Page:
I’ve had something on my mind recently, and I’m not sure what to do with it. When these moments happen, I write them down – usually into stories, but not today. Today we’re doing a blog post.
I’ve done a lot of learning since I finished university. Mostly about myself, and especially in the last year and a half. Back then I don’t think I really even knew much about myself.
Some life moments ripple out across the rest of your life. Those memories never leave you; I remember the night my cousin almost died, a shard of metal embedded deep in his stomach – it still feels like it could have been last week, but it was seven years ago. These key events ripple, and they can be good or bad, happy or tragic. They follow you, their reverberations echoing through your daily life even when you barely notice them.
This one was a happy moment. There was a girl in my creative writing class, her name was Emily.
I’d always thought she was kind of cute, and one seminar, we ended up working together. We had fun and we decided to walk together after the seminar ended; she forgot her charger and we had to go back to collect it. I don’t remember the details of our conversations, but I remember the instant admiration I had for her. Speaking to her came so naturally, and we walked for hours around campus together, talking about everything and nothing.
I used to walk the woods a lot when I was at uni. I found abandoned buildings, old streams and lakes, bridges long-unused, piles of felled trees that had been there for years. I took her there and we walked by torchlight. We spoke about our families, our struggles with anxiety, where we’d come from and our hopes for the future. She was from Ireland, on a placement here. When we parted ways and she got back to her dorm, she messaged me, thanking me for getting her out of her room. She’d been isolated too long, and it was nice to get to speak to someone else. My heart melted.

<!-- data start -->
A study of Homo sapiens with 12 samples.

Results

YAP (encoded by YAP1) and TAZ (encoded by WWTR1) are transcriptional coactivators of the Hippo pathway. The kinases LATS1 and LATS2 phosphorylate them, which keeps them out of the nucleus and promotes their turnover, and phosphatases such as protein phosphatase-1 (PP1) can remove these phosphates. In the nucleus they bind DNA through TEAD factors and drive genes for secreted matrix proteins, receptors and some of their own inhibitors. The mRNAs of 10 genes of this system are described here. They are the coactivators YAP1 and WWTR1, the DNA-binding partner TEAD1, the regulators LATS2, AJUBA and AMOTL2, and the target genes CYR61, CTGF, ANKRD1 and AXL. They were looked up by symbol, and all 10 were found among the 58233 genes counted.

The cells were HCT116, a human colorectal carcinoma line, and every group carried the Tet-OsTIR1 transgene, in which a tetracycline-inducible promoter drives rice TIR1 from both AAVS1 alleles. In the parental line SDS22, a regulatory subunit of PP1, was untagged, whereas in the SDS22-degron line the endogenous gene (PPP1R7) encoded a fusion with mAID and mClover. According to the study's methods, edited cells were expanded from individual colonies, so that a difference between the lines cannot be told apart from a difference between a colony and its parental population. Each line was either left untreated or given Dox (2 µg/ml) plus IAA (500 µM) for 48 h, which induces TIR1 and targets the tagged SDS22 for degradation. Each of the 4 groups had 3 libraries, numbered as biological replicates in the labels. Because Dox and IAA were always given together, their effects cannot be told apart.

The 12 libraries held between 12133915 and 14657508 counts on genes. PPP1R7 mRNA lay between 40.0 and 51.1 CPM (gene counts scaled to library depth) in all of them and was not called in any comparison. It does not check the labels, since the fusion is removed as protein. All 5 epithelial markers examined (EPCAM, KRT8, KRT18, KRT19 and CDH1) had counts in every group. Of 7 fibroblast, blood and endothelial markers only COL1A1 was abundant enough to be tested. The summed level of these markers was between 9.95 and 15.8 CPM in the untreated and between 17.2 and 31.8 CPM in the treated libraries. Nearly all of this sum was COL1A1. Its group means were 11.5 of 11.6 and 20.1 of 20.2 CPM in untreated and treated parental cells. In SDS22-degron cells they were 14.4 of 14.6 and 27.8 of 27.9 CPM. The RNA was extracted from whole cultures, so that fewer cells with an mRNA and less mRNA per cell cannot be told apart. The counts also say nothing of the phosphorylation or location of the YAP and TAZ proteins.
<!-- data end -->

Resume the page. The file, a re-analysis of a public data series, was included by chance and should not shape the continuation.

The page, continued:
We did this several times, walking laps around campus and disappearing into the woods, and I still remember how the conversation just flowed. Sometimes it’s easier to tell a stranger everything about your life, and in a few days we knew more about each other than we’d told friends who’d known us for years.
I remember our final walk. It was the end of the semester, and she was moving back to Ireland. I couldn’t let her go without seeing her one last time, though I didn’t understand why. I messaged. She had to move her luggage to her friend’s room, but then she’d be free.
We walked even longer that night; we were going to miss each other’s company, though neither of us would say that out loud. It was freezing, pouring rain, and we were soaked head to foot, but we kept walking, because we knew it was the last time we’d ever see each other.
I walked her to the door of her block, where she stopped and smiled. An awkward moment passed. Did we hug? I don’t remember.
I do remember turning back to wave to her. It was an awkward wave, one-handed, my thumb hooked around the strap of my rucksack. She awkwardly waved back, turned, and disappeared inside.
And here I am, five years later, still wondering about it. We never saw each other again. The whole thing left me with a twisty feeling in my stomach, happy and sad all at once. And it feels like it could have been last week.